Revealed: Two essential EV parts you need in your workshop

31 August 2020 | Article

With regulators setting ever-more-ambitious emissions targets, the age of electric vehicles will soon be upon us. Workshops might feel unprepared to deal with electric and hybrid vehicles – but by partnering with DENSO, they can have access to the right parts, knowledge and support to ensure they have a competitive advantage as electrification continues to gather pace.


What does this mean for workshops, a large proportion of which are more accustomed to working on internal combustion engines? For most, the EV trend presents several opportunities to learn new skills and maximize new profit sources. DENSO is committed to working closely with distributors and workshops, developing the highest quality, OE-specification EV parts, and making them easy to stock, fit and service.

Electrification: Why and when?

It’s commonly understood that electrification is good for the planet – but there are more factors than that driving OEM electrification strategies. Here are just a few:

  • Environmental. The number of vehicles on the road, and therefore CO2 emissions, are increasing. Motorists are increasingly seeking out more environmentally friendly forms of transport as they become increasingly aware of their own carbon footprints.
  • Legislative. Tighter controls are being placed on CO2 emissions. Europe is set to become the world’s strictest in this regard: its target for 2030 is to reduce vehicle emissions to 59g/km. This necessitates a move towards electric or hybrid powertrains.
  • Technological. The energy sources used to power electric-drive vehicles are diversifying, making them a more practical option for manufacturers, distributors and motorists.
  • Performance-related. There are dynamic performance elements unique to electric-drive vehicles, including responsive acceleration.

As EV uptake accelerates, what does this mean for workshops? Initially, it means a new set of essential parts to consider. In a field where technology is continually developing, it is important to have access to the best parts possible; this is something distributors and workshops can ensure by working with DENSO. Below are examples of products, developed by DENSO, which will potentially find their way to the Aftermarket range in future.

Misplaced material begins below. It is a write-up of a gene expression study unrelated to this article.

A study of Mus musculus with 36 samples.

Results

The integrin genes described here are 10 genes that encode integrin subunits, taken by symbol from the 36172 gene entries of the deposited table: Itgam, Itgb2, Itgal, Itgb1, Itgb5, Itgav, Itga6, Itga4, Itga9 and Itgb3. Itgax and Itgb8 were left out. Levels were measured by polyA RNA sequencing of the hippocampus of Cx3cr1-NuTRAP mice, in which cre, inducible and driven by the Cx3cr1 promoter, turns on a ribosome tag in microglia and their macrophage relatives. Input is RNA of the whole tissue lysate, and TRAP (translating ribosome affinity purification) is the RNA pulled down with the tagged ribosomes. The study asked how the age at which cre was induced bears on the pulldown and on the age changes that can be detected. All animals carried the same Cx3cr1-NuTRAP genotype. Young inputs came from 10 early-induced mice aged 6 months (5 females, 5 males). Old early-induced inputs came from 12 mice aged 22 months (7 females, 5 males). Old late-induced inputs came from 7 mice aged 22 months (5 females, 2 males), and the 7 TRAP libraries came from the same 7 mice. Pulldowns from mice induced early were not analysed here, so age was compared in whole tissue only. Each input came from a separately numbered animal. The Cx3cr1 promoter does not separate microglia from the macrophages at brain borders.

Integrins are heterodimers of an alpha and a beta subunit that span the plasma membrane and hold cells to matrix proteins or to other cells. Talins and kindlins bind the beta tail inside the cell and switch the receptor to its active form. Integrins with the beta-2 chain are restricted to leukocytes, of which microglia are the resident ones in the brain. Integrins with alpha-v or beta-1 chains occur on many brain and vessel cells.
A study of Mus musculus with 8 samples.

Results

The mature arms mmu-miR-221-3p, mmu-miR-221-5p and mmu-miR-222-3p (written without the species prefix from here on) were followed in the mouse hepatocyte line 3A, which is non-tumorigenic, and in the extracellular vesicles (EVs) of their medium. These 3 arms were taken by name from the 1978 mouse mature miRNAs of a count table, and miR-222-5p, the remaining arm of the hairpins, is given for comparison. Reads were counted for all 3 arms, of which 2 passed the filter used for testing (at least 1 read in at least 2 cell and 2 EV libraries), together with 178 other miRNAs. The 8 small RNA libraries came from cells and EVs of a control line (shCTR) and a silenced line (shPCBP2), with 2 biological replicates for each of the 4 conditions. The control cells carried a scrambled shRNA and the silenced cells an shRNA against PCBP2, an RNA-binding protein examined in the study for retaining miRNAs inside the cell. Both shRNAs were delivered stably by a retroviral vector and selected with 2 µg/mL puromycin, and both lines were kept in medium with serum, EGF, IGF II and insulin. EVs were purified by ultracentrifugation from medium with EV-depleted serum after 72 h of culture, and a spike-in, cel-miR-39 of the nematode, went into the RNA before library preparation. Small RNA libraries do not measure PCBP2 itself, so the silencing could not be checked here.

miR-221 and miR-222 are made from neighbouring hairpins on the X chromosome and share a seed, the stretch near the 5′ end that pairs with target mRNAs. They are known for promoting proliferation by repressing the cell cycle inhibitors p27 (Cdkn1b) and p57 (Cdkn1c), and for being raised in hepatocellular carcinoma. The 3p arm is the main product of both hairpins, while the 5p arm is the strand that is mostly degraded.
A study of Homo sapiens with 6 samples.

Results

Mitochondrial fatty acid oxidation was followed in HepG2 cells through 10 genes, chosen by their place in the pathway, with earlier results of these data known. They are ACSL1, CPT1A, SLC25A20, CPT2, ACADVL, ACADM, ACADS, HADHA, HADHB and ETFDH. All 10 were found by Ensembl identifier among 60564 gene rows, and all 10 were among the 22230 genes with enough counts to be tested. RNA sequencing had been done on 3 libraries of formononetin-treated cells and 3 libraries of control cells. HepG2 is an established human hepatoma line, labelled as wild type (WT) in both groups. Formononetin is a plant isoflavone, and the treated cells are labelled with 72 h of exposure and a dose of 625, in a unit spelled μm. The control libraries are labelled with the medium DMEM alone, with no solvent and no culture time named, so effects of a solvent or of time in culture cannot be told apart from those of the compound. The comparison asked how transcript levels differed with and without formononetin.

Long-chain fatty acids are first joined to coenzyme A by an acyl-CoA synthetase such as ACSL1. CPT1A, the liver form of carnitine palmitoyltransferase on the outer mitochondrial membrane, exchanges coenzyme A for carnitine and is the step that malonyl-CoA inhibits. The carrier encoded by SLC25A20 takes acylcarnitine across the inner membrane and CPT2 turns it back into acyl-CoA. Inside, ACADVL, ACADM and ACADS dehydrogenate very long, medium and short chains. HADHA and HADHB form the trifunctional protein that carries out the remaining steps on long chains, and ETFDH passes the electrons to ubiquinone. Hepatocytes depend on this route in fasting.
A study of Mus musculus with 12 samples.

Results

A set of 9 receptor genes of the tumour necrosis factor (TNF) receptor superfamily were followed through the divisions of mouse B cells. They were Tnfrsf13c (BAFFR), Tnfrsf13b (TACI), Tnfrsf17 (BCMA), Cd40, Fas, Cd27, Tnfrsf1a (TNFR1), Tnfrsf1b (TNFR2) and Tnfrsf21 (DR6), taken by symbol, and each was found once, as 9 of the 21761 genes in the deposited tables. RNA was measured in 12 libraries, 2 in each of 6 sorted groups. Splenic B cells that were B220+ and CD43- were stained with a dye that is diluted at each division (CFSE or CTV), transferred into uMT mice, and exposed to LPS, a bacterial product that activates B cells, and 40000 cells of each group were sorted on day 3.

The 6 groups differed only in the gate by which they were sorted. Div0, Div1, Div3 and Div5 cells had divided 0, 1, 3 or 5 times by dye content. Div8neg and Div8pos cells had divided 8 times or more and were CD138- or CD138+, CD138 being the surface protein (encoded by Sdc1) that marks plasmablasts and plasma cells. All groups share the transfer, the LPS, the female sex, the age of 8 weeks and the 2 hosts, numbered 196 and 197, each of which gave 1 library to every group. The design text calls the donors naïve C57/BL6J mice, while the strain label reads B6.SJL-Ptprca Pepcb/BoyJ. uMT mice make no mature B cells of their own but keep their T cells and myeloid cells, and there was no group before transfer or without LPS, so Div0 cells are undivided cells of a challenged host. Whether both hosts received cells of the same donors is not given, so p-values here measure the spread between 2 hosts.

Essential part 1: The inverter

The basic electric-drive vehicle system consists of three main components: battery, inverter, and motor. This system can take several forms – pure EVs, hybrid vehicles with both an ICE and a battery, plug-in hybrid vehicles that employ many batteries, fuel cell vehicles which use hydrogen as fuel – but at their core, all these systems use a motor, so they all need an inverter.

Simply put, an inverter is a power converter. Vehicle batteries supply DC power, while the motor needs AC power for flexible control. Thus, an inverter acts as an intermediary between the battery and motor, converting electric power from DC to AC.


DENSO’s inverter achieves market-leading electrical performance, with a two-sided cooler to minimize energy lost as heat and a high-efficiency silicon carbide semiconductor. The inverter is also optimized to work in the severe in-vehicle environment, being able to withstand washing by a high-pressure washer, soaking in seawater, and the impact of being dropped.

Essential part 2: The motor generator

Another enabler of electrification is the motor generator. Its name summarizes its function: it is a mechanical unit that functions both as a motor and as a power generator, switching between the two roles according to the status of the vehicle or battery.

When the motor generator is used as a motor, it provides assistance power to start the engine or accelerate. When it is used as a power generator, it steadily regenerates energy during vehicle deceleration and charges the battery.

DENSO’s technology is instrumental in the further development of the motor generator, which will be a significant step to overcoming one of the biggest objections to electric-drive vehicles: range anxiety. A high-efficiency motor generator will consume less energy from the battery, giving the vehicle a greater overall range.


The DENSO commitment

DENSO has declared its commitment to the electrification of all fields, from personal mobility vehicles to aircraft. The company has considerable experience developing vehicle systems from the perspective of the entire vehicle. As such, individual EV parts are designed to work in harmony with wider vehicle components.

DENSO’s mission is to ensure electric-drive technology continues to evolve to make it more accessible and practical – such as through battery size reduction, or expanding the size of in-wheel-motor electric vehicles. In doing so, DENSO and its customers are contributing to social responsibility and sustainability on a large scale.